In the old days nobody knew how to write.
However, one day our ancestors realized they needed a way to keep records on what it happened from day to day and year to year.
They first started out by drawing little pictures that represented words. Because of these drawings people started to keep records and that allowed them to make plans for the future.
For many years people believed that the earliest known form of writing in the world came from the southern part of Mesopotamia where The Sumerian civilization was (today known as the south-eastern Iraq).
However in 1961, this was to change when a Romanian archaeologist: Nicolae Vlasa made ??an extraordinary discovery.
In Tartaria village, about 30 km (19 mi) from Alba Iulia, in Romania, members of a team led by Nicolae Vlasa unearthed three inscribed clay tablets that were about to change essential theories and beliefs regarding the first known form of writing in the world.
These tablets are dated to around 7000 BC (over a thousand years older than those from Sumer) and according to specialists researches they are considered to be the first written messages in the history.
It apparently seems that these clay tablets have been and still are the subject of great controversy in the archaeological world, as some archaeologists are not entirely convinced that these symbols might represent the earliest known form of writing in the world.
Until Vlasa`s discovery, historians considered Sumerian writing (dated at 3300 BC) as being the oldest on earth.
Ironically the historians that have been shown to be quite skeptical regarding the significance of Tartaria tablets were Romanian archaeologists.
However, there are other archaeologists that were more skeptical towards this discovery as it apparently seems (after I made a detailed research myself) that the Radiocarbon dating technique is not 100% accurate.
There were also launched a few other interesting conclusions like: Sumerians that might have arrived in Mesopotamia, after migrating from the territory of ancient Dacia (territory of Romania in ancient times) brought with them an already known type of writing.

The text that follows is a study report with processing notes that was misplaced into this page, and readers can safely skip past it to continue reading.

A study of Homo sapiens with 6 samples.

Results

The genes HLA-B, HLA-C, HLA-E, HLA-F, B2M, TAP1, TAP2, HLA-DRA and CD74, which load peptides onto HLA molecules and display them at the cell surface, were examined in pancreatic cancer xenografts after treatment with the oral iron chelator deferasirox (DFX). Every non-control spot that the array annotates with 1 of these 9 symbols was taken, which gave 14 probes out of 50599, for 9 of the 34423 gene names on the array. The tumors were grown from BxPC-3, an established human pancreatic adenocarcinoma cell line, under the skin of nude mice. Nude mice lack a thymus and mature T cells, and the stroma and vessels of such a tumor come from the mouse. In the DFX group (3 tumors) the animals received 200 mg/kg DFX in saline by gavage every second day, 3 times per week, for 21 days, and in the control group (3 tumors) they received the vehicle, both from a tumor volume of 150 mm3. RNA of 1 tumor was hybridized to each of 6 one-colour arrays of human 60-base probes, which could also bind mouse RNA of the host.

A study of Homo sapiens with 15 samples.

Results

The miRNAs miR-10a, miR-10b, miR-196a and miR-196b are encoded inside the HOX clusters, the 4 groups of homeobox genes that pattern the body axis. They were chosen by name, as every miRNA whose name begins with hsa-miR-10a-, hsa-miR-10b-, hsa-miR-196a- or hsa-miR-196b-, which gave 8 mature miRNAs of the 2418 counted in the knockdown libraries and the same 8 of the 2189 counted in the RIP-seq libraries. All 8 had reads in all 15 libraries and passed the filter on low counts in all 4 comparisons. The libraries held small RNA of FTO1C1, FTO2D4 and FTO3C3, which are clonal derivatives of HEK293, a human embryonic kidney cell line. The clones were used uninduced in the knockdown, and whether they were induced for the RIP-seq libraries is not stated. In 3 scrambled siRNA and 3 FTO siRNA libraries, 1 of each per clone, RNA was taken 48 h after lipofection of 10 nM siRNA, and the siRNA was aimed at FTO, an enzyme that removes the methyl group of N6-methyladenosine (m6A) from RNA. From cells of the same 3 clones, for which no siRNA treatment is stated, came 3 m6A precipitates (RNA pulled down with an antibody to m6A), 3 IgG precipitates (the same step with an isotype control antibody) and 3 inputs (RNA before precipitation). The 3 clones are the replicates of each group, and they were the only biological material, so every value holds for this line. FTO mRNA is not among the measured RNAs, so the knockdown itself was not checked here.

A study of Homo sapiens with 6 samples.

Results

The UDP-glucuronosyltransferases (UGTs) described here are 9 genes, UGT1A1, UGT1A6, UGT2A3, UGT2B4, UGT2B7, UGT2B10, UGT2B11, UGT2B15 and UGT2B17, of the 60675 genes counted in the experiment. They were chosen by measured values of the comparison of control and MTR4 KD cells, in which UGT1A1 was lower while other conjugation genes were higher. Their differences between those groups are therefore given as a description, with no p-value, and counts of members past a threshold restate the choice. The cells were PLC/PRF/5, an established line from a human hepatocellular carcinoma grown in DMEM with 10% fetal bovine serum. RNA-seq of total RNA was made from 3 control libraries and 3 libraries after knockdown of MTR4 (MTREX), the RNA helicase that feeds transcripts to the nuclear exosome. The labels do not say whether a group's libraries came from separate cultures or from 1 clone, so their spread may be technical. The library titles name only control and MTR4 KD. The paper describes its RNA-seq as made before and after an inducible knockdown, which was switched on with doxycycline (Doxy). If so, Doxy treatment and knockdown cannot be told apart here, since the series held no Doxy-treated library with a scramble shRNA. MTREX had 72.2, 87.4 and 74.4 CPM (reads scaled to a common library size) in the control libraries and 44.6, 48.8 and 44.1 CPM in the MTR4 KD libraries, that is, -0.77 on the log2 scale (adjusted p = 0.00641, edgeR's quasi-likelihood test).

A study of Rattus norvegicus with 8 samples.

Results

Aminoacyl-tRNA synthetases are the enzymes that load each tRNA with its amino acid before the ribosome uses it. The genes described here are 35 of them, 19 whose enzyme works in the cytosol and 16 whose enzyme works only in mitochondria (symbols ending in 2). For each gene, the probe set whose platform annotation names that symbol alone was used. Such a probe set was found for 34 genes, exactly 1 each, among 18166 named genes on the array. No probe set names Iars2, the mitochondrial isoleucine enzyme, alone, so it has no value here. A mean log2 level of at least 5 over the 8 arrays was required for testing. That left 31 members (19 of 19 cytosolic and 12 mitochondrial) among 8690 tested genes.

American archaeologist Marija Gimbutas from The United States of America believed that the Carpathian-Danubian-Pontic area is the structure of European culture.
After being tested through radioactive carbon method, by American scientist Marija Gimbutas, the tablets discovered in Transylvanian village of Tartaria were established at the time, as being over a millennium older than those in Sumer.
In 1972 this result was also confirmed by Bulgarian academician Vladimir I.Georgiev.
Despite some contradictions regarding the significance of this epochal discovery, the Tartaria Tablets will still maintain their immense value not only for Romania’s patrimony but also for the entire mankind, as they represent the first known form of writing in the world.
However, this great discovery is not appreciated enough, at least not at the level that it would deserve to be in the archaeological world.
Despite all this, a monument which symbolizes the first written message in human history was built in Tartaria in 2003, at the initiative of Napoleon Savescu (founder and president of “Dacia Revival International Society of New York”).
If you are curious to see or find out more about Tartaria Tablets, the National History Museum of Transylvania in Cluj-Napoca is the place where they can be seen.